I had 30,000 first degree connections and could neither accept new invitations nor could people to whom I had sent invitations accept them. So, to make a long story short, I removed all persons not resident in the United States and persons listed in the Staffing and Recruiting industry. I now have 28,000 first degree connections and just received a message from LinkedIn that I am closing in on the 30,000 limit.
For the record, I had 30,000 first degree connections for a good two-three years. Every week I would remove 100 or so connections in order to accept new invitations. That is why I found it difficult to believe that anyone had more than 30,000 first degree connections. But, apparently, I was wrong.
That said, when a couple of years ago I could not longer accept new invitations, I contacted LinkedIn customer service and asked why my account was restricted. They informed me that there was no restriction, as such, just that I had reached the 30,000 limit and shoud remove connections, which I did.
My point is that for a good number of years the 30,000 limit has been known. Anyone with more than 30,000 should not have been able to accept additional invitations. If for some reason they were able to do so it points to an anomoly in the system.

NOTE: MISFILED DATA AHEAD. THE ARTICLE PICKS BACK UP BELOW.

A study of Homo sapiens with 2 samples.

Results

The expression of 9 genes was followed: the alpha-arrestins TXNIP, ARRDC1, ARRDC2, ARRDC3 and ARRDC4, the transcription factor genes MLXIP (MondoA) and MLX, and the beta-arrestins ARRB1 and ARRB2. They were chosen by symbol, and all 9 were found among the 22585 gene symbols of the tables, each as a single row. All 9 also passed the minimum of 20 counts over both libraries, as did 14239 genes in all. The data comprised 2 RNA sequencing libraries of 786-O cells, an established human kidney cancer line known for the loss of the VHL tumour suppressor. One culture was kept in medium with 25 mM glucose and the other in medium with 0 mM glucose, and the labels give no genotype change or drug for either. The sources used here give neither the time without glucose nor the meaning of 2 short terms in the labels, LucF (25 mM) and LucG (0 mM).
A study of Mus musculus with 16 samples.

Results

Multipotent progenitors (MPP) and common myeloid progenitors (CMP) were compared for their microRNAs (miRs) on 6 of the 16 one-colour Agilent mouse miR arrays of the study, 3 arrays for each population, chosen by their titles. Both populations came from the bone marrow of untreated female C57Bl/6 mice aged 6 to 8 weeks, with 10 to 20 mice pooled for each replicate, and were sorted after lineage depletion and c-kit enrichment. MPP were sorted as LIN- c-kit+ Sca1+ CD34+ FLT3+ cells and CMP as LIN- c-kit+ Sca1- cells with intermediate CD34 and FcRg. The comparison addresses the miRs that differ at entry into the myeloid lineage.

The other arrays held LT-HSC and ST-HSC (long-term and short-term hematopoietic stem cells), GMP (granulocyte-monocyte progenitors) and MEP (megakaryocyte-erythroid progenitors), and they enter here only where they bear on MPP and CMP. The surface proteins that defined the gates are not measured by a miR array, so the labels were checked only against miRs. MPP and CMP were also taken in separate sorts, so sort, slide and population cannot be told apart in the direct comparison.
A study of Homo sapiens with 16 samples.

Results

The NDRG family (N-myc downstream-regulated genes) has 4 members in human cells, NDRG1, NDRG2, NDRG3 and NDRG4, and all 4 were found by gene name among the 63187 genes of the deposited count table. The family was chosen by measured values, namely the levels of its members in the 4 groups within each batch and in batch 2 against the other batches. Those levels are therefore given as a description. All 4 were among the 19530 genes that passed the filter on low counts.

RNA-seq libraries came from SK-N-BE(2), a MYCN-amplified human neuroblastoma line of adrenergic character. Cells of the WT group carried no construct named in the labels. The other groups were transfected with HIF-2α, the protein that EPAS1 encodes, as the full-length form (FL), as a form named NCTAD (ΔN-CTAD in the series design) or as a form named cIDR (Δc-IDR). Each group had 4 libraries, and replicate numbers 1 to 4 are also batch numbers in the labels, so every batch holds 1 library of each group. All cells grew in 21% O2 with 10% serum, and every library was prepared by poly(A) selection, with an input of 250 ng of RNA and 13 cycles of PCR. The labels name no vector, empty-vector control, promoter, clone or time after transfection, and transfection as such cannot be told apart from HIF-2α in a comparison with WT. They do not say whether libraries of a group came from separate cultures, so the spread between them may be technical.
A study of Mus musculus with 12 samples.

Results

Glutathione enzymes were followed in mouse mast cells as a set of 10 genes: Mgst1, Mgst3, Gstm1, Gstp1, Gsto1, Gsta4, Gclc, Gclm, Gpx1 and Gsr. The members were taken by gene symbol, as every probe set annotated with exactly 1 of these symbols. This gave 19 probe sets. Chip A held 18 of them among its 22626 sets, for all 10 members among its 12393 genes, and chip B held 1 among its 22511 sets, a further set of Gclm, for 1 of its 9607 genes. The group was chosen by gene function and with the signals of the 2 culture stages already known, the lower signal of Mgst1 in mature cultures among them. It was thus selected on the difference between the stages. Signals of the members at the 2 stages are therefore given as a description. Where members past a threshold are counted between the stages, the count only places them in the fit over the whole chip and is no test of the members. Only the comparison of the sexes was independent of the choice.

The question is not why did LinkedIn recently disabled the accounts but what took them so long.
In any event, the limitation is on first degree connections, not followers. There is no limit on the number of followers.
You can find me at https://www.linkedin.com/in/brucehurwitz and my posts, including a number about LinkedIn, at
https://www.linkedin.com/today/author/brucehurwitz. I also suggest my video on LinkedIn anomalies:
https://www.youtube.com/watch?v=RUWEtO8MEzk. The video is part of a series on using LinkedIn to get a job.